1983 Raina Imig left India and came straight to Portland
her husband's former hometown. Her studio gallery, Mandala, is at
1627 NE Alberta Street.
In Raina Imig's study of the mandala, she's found it to be universal
in nature and science.
"It's in the structure of snowflakes, cross-sections of tree
trunks and the planets," she said. "The cell is a mandala
in miniature. The galaxy is a swirling mandala spiral."
Other examples of mandalic art include the rose windows of European
cathedrals, Celtic and Chinese knot art, textile designs of Africa,
rug designs of the Middle East and aboriginal art of Australia.
"In other words, it's any art that traditionally employs circles,
spirals and symmetry in the design," she said. "In this
country, mandalic art can be found in the Navajo sand paintings
and in many American quilts."
Raina was first exposed to mandala art while growing up in India.
Known as rangoli, or floor art, Indian women use different color
powders to create circular art on thresholds and porches.
"These are usually relatively simple forms of the mandala
image," she said. "Mandala in Sanskrit means circle and
also represents the temple. Where the circle itself is not obvious,
there is still a symmetry that could be enclosed in a circle."
Raina also draws and paints portraits, landscapes and other abstracts.
Her next series will draw heavily on images from outer space, so
may not appear as circular as her mandalas.
Being an artist is something that comes naturally to Raina. Her
sources of inspiration are endless: nature, science, philosophy,
colors she sees all around her and memories of the bright colors
"Art is a life-long learning process," she said. "It
keeps life interesting."
Raina's painting style is not influenced by any famous artist;
her favorites are the folk artists of India, who create art anonymously.
Raina exhibits only her abstracts, but on a fairly constant basis.
Her 12-painting show hangs at Washington's University of Vancouver
through April. She's also shown in Portland at the Talisman Gallery
and the Interstate Firehouse Cultural Center.
"And I almost always have paintings hanging at my studio gallery
on Northeast Alberta," she said.
Making a career
As a child, Raina was fascinated by art. Her parents provided her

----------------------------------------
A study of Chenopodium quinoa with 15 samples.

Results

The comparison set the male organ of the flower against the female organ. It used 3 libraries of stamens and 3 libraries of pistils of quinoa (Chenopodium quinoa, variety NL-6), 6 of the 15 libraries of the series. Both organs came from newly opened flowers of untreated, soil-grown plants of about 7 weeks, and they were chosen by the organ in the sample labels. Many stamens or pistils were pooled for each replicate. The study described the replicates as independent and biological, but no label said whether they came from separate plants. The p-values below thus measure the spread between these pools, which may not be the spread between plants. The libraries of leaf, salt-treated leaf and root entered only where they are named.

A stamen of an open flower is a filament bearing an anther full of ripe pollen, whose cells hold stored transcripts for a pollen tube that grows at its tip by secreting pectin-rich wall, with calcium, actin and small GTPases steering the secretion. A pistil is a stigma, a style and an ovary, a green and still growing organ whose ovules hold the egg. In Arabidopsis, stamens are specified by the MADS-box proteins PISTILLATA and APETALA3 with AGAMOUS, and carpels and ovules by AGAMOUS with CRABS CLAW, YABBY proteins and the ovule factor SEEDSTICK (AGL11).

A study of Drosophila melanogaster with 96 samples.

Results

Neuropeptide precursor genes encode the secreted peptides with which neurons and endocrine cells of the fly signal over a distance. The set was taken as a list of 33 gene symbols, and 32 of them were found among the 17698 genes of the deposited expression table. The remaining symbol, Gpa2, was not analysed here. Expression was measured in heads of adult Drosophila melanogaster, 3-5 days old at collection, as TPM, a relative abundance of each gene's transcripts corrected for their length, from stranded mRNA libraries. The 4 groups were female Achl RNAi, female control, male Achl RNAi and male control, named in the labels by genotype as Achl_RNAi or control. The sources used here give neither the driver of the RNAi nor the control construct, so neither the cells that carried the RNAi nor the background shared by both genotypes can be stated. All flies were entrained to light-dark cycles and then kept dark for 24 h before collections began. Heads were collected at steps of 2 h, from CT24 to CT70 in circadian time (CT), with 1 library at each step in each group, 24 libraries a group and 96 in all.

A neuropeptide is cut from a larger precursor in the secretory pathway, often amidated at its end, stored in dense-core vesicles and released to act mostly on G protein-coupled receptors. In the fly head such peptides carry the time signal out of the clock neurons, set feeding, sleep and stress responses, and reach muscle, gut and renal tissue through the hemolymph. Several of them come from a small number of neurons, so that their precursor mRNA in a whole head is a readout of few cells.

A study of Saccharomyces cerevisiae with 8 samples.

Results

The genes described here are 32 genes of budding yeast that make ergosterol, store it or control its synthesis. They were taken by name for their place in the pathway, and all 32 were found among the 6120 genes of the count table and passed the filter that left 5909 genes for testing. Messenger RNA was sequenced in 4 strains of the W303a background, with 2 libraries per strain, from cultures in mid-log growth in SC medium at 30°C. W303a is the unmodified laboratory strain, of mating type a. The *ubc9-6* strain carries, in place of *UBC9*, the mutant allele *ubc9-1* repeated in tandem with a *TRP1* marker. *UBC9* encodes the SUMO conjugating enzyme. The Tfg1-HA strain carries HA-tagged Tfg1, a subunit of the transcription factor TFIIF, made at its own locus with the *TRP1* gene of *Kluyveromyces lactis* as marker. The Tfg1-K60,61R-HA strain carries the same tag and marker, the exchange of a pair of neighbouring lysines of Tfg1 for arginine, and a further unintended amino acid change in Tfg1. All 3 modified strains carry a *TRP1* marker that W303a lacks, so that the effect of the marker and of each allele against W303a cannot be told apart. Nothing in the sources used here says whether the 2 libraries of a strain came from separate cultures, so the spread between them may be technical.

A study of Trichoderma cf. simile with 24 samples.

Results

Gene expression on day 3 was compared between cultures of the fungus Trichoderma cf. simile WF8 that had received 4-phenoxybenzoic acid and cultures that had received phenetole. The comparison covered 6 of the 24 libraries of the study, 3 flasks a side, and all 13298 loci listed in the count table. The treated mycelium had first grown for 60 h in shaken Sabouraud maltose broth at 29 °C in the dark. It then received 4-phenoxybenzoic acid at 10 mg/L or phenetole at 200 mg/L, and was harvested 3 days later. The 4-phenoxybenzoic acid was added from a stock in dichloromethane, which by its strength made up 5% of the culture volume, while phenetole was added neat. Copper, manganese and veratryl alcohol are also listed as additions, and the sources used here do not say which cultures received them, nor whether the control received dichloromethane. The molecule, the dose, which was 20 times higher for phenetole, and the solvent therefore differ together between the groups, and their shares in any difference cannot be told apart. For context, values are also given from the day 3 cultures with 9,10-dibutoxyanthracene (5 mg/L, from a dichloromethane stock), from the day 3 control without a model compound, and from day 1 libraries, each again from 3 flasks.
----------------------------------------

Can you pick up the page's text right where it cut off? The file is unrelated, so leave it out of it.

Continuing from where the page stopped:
with art books, supplies and tours of European museums.
Family members include an uncle who is a poet, a brother who is
a writer, cousins who are singers and musicians, aunts who are potters,
artists, actors, etc.
But Raina was not sent to fine-arts classes.
"I was not supposed to try to make a career out of it,"
she said. "However, I've found mentors and ways to learn and
practice art all my life. I went to schools in Germany and the U.K.
where art was emphasized. I gave myself an art education by spending
a lot of time in libraries."
Raina studied with artist potters, on and off, for 20 years. She's
also taken private art classes as an adult.
"I did pottery as a young person, also many fine crafts,"
she said, "but it was not till middle adulthood that I saw
myself as a fine artist.
"I have experimented with many, many arts and crafts. I took
a year-long private course in drawing and painting, started painting
in acrylic and learned color pencil and drawing. I have pretty much
worked in everything except oils."
Raina has been teaching art to children for 25 years; creativity
and art to adults for eight years.
"I teach a drawing and watercolor class and a six-different-media
series through Portland Community College," she said.
"I also have private art classes at my studio, and a few times
each year workshops in color pencil mandala and watercolor mandala."
Through the Regional Arts and Culture Council, Raina has received
grants to teach art to children in schools, hospitals, libraries
and community centers.
Raina loves teaching, but admits it comes second. The many dreams
and goals she has for her art are the most important.
"Teaching art all these years has been a way to empower people,"
she said. "I know art can change lives and change the world.
"I don't know exactly which dream will choose to manifest
itself next, so I can't say exactly what my next step will be.
"But," she said, "no artist is ever content."